Learn important lessons from Lombardi’s eight-hour session

March 10, 2014 - by: Dan Oswald 1 COMMENTS

Lombardiby Dan Oswald

Over the weekend, I was watching a piece on legendary Green Bay Packers coach Vince Lombardi. The documentary chronicled Lombardi’s life growing up in Brooklyn through his storied years as a championship coach with the Packers. As a Packers fan, I’ve read biographies on Lombardi and other books that have discussed the man and his abilities, but there was one story told in this piece that I had not heard before. The story was told by none other than John Madden, himself a Super Bowl champion coach and famed football broadcaster.

As a young assistant coach, Madden attended a coaching clinic where Lombardi was the speaker. As Madden tells it, he was quite confident in his football knowledge. Showing up at the clinic, he sat in the back row and settled in for the eight-hour lesson. What he discovered was that the subject of the all-day session was a single play—the power sweep, which Lombardi made famous in Green Bay.

At the end of the day, Madden was astonished by what had transpired and what he had learned. As he tells it, “I went in there cocky thinking I knew everything there was to know about football, and he spent eight hours talking about this one play. He talked for four hours, took a break, and came back and talked four more. I realized then that I actually knew nothing about football.”

So why do I share this story with you? Because there are lessons in Lombardi’s approach to coaching and leadership that are demonstrated in this single story.

Attention to detail. Lombardi spent eight hours teaching a single play to a group of men who were knowledgeable enough to be coaching the sport themselves. I’ve seen clips of Lombardi teaching the power sweep. The coach not only draws up the play but also explains what each player must do, what he should see, and how his role contributes to the success of the play. So very often it’s the little things that make the difference between success and failure. Lombardi tried to leave absolutely nothing to chance. Maybe that’s why he once told his players, “Gentlemen, we will chase perfection, and we will chase it relentlessly, knowing all the while we can never attain it. But along the way, we shall catch excellence.”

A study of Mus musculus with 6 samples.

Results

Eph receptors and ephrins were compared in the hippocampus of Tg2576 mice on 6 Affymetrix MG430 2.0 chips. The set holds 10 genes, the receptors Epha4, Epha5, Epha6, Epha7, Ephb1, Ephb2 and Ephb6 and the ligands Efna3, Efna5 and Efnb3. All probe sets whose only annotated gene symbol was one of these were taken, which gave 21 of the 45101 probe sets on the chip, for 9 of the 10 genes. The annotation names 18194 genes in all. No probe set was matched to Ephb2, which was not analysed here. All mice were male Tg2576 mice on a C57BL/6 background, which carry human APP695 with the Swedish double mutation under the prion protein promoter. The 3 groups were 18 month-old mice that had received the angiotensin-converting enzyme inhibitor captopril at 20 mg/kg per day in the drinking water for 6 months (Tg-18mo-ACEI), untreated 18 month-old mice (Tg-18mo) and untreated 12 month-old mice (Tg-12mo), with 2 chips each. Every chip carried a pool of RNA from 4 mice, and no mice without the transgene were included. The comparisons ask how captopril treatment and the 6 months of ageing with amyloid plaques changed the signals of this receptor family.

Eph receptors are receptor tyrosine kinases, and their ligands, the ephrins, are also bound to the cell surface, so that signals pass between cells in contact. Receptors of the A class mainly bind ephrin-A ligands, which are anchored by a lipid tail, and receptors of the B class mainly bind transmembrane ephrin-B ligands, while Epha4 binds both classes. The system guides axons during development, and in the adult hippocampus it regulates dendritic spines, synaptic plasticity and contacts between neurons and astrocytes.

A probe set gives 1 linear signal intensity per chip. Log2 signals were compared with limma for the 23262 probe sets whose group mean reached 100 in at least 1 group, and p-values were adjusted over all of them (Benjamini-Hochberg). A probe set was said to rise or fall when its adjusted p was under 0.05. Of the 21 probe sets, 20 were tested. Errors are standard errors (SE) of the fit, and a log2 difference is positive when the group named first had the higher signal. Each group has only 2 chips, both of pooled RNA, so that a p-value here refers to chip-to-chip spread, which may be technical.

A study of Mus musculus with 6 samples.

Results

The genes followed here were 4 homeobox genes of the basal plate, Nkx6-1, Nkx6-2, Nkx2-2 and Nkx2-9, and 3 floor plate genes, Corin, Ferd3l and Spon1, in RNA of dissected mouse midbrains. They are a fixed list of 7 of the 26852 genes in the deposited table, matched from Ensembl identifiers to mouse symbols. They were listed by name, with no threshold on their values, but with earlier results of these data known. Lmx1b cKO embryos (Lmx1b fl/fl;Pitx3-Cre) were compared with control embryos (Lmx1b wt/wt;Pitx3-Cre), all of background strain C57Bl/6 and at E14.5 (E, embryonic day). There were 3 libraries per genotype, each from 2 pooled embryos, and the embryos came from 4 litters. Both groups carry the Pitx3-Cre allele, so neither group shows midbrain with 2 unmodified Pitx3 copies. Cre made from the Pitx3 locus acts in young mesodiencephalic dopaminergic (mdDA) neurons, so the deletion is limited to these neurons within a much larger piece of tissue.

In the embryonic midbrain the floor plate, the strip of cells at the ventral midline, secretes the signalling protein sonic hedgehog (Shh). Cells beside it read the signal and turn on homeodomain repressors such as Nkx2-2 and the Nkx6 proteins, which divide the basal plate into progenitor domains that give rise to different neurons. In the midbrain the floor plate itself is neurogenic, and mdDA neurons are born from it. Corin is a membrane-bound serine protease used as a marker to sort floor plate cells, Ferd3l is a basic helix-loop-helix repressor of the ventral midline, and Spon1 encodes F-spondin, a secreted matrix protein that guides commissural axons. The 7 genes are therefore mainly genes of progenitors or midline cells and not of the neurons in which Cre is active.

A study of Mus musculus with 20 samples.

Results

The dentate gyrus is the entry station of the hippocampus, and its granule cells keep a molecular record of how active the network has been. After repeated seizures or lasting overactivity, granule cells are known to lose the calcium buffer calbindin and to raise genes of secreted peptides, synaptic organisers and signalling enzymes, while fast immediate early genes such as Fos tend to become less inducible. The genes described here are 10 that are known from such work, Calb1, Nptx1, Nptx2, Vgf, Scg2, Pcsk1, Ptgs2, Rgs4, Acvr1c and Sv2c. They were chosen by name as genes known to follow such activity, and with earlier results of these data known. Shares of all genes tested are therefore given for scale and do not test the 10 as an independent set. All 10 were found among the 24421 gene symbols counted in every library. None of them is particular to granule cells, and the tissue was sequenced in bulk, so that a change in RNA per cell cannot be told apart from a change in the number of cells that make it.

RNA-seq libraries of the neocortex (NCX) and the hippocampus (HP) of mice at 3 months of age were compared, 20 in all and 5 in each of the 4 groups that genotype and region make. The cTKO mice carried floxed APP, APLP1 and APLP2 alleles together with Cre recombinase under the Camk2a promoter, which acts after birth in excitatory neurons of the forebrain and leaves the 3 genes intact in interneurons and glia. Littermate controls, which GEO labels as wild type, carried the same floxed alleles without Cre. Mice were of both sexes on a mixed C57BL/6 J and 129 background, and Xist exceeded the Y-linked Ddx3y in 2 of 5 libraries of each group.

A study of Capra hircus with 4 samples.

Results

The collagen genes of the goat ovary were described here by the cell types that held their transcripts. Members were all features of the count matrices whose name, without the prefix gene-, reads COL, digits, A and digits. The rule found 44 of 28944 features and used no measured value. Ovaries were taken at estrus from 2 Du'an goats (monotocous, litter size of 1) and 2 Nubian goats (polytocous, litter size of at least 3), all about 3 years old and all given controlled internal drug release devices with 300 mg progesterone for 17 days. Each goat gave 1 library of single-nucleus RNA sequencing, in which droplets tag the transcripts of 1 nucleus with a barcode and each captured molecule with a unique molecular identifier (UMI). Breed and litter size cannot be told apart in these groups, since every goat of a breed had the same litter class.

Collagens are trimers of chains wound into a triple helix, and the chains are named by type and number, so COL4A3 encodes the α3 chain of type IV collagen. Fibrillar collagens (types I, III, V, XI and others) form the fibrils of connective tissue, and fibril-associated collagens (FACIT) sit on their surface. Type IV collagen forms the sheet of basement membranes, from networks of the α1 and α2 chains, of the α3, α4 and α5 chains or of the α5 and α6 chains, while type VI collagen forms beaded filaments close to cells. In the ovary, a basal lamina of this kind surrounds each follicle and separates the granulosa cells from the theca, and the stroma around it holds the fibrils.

Mastery of the subject. Lombardi could spend eight hours talking about something this specific only if he had mastered the subject. He had to know every single detail about that play to be able to speak on it for that length of time. As a leader, that type of knowledge inspires your team to be confident that you understand the business at hand and what it takes to succeed. Lombardi would say, “Success demands singleness of purpose.”

Clear understanding of each person’s role in success. Lombardi was able to speak to what each person on his team must contribute for the power sweep to succeed. Being able to convey to each individual what he or she can do to contribute to success is critical in achieving engagement with team members and getting them to work in concert. In Lombardi’s words, “The achievements of an organization are the results of the combined effort of each individual.”

The importance of teaching. Lombardi was a great coach and a respected leader, but he considered himself first and foremost a teacher. As a manager, you must understand that you are also a teacher. It’s one of your most important roles. You can’t expect your people to properly execute things they don’t understand. Like Lombardi said, “You cannot coach them what they have not been taught.”

This one story told by John Madden reveals so much about what made Vince Lombardi the person, coach, and leader he was. There are lessons for all of us in Madden’s story. His experience that day caused him to go from cocky to humble. Maybe we all need to ask ourselves what we can learn from Lombardi’s eight-hour lesson.


1 Pete McPherson
08:50:21, 11/03/14

“Being able to convey to each individual what he or she can do to contribute to success is critical in achieving engagement with team members and getting them to work in concert.” Really like this thought, and would add, it’s also key that each individual has a basic understanding of the rolls of the other team members. Meaning, the understanding needs to be horizontal as well as vertical.